Father Alonzo Cox gave an impassioned homily at the Mass for racial justice and solidarity Sept. 9 at the Co-Cathedral of St. Joseph in Prospect Heights, Brooklyn.
“We are dying and our cries are going unheard, until today,” he said.
Fr. Cox, who serves as the Director of Ministry to African American Catholics in the Brooklyn Diocese, spoke of the Church’s plan to overcome “America’s original sin’: racism.”There’s so much more that unites us than divides us, and we pray today for all of us to come together as one body, one spirit, one Church,” he said.
The Mass was held on the feast day of St. Peter Claver. He was known as “the slave of the slaves” for his ministry to Africans during the slave trade in Colombia. He baptized more than 300,000 people, and is remembered for his vision of unity.
“He was known for his humility, his simplicity, his spirit of sharing and his devotion and really his sorrow regarding the faith made true for slaves,” said Bishop Guy Sansaricq.
Auxiliary Bishop Neil Tiedemann celebrated the Mass, and says every Catholic can take the first step in bridging the racial divide by looking inward. ‘where have I been racist in my attitude and in my thoughts and in the way I judge others,” he said, “so at this time, I think that is important.’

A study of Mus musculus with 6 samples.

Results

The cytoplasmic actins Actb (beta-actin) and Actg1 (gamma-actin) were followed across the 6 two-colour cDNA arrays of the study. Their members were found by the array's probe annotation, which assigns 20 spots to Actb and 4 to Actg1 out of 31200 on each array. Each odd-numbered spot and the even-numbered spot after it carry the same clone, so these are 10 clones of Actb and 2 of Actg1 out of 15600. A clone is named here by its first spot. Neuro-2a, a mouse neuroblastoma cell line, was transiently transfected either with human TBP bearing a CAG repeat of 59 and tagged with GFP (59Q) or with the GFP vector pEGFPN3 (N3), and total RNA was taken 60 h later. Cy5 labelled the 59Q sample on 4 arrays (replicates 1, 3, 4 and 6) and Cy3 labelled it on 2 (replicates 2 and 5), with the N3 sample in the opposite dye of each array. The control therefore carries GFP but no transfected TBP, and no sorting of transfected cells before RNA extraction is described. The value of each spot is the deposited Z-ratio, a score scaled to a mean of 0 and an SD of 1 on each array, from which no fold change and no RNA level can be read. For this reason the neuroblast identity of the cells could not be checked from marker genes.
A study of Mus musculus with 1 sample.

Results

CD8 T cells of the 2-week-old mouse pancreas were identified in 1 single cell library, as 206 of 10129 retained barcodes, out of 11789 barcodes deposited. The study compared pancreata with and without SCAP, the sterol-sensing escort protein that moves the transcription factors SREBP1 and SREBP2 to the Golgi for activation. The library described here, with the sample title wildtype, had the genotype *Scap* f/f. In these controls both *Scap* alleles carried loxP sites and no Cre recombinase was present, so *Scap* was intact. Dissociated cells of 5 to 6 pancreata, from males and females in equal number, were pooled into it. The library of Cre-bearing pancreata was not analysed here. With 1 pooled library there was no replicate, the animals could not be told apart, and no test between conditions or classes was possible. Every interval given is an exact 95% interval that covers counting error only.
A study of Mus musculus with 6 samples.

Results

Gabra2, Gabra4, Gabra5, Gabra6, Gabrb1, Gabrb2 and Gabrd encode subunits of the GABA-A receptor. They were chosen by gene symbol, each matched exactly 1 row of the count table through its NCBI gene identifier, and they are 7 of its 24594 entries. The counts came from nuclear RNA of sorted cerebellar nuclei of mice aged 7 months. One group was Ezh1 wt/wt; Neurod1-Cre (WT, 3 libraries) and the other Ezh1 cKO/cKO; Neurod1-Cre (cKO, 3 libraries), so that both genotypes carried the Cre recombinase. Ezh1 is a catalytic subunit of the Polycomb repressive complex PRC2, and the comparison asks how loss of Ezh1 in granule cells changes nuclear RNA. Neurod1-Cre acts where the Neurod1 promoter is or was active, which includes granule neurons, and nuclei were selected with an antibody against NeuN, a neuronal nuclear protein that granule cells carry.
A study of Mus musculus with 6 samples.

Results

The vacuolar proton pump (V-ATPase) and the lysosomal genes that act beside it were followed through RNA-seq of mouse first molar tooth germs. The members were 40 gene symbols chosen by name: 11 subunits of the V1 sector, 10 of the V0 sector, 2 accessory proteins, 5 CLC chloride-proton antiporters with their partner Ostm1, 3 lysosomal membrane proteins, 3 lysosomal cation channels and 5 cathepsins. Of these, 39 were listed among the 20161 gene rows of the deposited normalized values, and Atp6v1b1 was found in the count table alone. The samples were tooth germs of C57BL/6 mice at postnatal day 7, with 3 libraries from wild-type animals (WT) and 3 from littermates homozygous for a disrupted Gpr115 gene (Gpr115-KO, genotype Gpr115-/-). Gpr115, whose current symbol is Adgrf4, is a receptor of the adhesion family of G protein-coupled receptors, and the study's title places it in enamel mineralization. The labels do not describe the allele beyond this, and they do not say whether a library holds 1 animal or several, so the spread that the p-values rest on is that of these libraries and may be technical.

Those who attended the Mass say they’re turning to God and the Church for guidance on how to navigate the racial unrest of our day.
“I think it’s important to hear what the Church has to say about racism, and what the Church plans to do about it, and it’s important to support the Church going forward,” said Andrea Espinoza, who attended the Mass with her fiancé.
“This year has brought so much turmoil and chaos and pain, and I continue to lean on my faith and on the Church and I’m hoping to see more of what the Church can do for myself and for my fellow brothers and sisters,” said Marsha Prosper, who also attended the Mass.
Fr. Cox urged the only way out of the darkness of racism is to turn to Jesus, the light of the world.